Evangelist Franklin Graham has criticized Fort Riley's decision to postpone a prayer breakfast that would have featured retired Lt. General William "Jerry" Boykin, an original member of Delta Force, because of his conservative Christian values.
According to a report from Fox News, Boykin, an executive with the Family Research Council, accepted an invitation to deliver remarks at the June 6 prayer breakfast in conjunction with the 1st Infantry Division's Victory Week celebration back in March.
However, last week, the Military Religious Freedom Foundation filed a protest with the military base in Kansas, calling Boykin "homophobic, Islamophobic, fundamental Christian extremist."
"He sows hatred and heinous divisiveness with his sickening screed of fundamentalist Christian supremacy, primacy, exclusivity and triumphalism," Military Religious Freedom Foundation founder Mikey Weinstein wrote in a complaint to Fort Riley.
Within 24 hours, Fort Riley said the prayer breakfast would be rescheduled without Boykin "in an effort to ensure everyone in our broad and very diverse community feels welcome at any event on Fort Riley."
In a message shared on Facebook last week, Graham called the decision "sickening" and accused Weinsten of being an "anti-Christian bully."
"It is unbelievable that our country has fallen to this point and that Christianity is the only thing it's okay to be intolerant of and discriminate against," he wrote. "Excuse me, General Boykin's first amendment rights still exist, and so do those of everyone who wants to hear him speak."
Weinstein also told the Army Times that his group fielded 131 complaints against Boykin, saying "I have clients of ours weeping on the phone about this."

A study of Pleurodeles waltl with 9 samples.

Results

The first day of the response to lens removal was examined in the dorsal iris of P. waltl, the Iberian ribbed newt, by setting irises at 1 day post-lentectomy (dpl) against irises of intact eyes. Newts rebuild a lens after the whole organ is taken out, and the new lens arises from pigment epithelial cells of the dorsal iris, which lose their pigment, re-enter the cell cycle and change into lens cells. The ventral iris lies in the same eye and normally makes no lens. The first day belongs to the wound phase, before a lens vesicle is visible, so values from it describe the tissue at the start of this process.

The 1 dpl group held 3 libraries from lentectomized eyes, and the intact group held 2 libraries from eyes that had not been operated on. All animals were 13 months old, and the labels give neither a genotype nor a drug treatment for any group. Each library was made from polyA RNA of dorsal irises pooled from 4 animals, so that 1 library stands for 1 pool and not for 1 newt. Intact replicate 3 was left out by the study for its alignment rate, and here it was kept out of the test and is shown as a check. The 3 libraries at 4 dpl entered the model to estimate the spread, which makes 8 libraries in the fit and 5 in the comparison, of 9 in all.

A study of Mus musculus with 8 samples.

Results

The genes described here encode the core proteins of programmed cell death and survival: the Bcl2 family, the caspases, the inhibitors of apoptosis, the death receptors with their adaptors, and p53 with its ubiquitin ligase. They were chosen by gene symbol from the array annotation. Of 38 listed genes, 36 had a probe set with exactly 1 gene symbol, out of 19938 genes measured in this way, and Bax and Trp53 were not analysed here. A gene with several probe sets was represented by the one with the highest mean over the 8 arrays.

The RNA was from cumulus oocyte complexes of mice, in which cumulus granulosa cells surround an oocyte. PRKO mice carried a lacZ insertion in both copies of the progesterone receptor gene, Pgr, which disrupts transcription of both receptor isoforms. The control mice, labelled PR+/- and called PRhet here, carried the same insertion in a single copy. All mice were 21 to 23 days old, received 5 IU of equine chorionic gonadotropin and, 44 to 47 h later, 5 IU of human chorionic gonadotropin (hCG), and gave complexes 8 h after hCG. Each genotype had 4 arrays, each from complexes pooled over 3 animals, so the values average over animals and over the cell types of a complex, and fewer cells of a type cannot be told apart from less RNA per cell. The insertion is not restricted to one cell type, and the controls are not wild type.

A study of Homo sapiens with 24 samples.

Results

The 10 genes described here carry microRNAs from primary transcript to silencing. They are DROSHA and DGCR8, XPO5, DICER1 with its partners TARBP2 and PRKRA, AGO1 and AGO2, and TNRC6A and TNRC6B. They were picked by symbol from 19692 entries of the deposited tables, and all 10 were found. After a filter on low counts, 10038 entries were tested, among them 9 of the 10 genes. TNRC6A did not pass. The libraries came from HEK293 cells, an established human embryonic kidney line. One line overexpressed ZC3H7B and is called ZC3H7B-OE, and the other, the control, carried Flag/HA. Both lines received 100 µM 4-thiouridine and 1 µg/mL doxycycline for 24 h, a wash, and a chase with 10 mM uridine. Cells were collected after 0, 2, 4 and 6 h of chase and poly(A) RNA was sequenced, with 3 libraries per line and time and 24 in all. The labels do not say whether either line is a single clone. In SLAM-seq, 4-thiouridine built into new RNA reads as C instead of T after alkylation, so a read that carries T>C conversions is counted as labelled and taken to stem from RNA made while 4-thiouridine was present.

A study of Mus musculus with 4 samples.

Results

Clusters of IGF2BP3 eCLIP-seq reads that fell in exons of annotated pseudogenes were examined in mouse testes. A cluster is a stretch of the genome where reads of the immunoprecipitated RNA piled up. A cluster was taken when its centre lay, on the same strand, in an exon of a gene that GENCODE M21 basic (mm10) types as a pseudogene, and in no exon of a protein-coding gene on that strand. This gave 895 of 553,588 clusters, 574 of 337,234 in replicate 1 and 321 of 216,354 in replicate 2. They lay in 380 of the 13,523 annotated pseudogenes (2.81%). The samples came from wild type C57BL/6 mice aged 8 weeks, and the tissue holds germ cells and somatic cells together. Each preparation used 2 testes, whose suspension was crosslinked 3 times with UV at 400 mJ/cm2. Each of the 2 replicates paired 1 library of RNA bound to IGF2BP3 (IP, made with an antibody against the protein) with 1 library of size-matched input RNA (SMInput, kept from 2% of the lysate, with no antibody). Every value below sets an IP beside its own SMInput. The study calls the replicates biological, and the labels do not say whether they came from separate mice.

However, Boykin told Fox News contributor Todd Starnes that the move is "just another reminder of the incredible discrimination against Christians in our armed forces."
"I sincerely doubt that America can expect to win wars if the people who are tasked to do so are frightened by an old retired general with biblical views and a testimony of faith," Boykin said.
This is not the first time Boykin has found himself at the center of a controversy: Earlier this year, Hampden-Sydney College in Virginia reversed its decision to fire the retired Army Lt. as a visiting professor after reports that he had been removed over his comments on transgender bathrooms.
According to reports, the all-male college was pressured by LGBT groups to fire Boykin due to his comment, "... the first man who goes in the restroom with my daughter will not have to worry about surgery."
"Because some of you already know and are contacting me about it, let me make it official and let you all know that I have been terminated from teaching at Hampden-Sydney College after nine years there," Boykin wrote on Facebook in May explaining the case.
"Hampden Sydney is the 10th oldest college in America and is one of the two men's colleges left in #America. ... The bottom line is that I oppose these so called '#Bathroom' bills that let men go into women's locker rooms, showers, and toilets and I have been very public about it. When I said in Orlando that '... the first man who goes in the restroom with my daughter will not have to worry about surgery,' the LGBT community once again came after me, claiming that I was calling for violence against #transgender people."
He explained, "Well, that is simply not the case and I have never called for violence against anyone. I was referring to perverts who will use these policies to get into locker rooms with girls and women, and I object to that. ... Nonetheless, I gave the LGBT community just what they needed to pressure the college leadership to terminate me and they did."
The college reportedly reversed its decision after numerous people publicly defended Gen. Boykin.
"There is strength in unified numbers," Boykin was quoted as saying after the college reversed its decision to fire him. "The radical left and LGBT activists completely underestimate the impact of freedom-loving Americans banding together to protect our First Amendment freedoms."
He continued, "Never cave in when you know that you are standing for what is right and true, for these are the principles that made this nation great. Stand, even if it means you lose your job. Stand, even if it means you lose your life. The founding principles of this nation are worth defending, even if it costs you."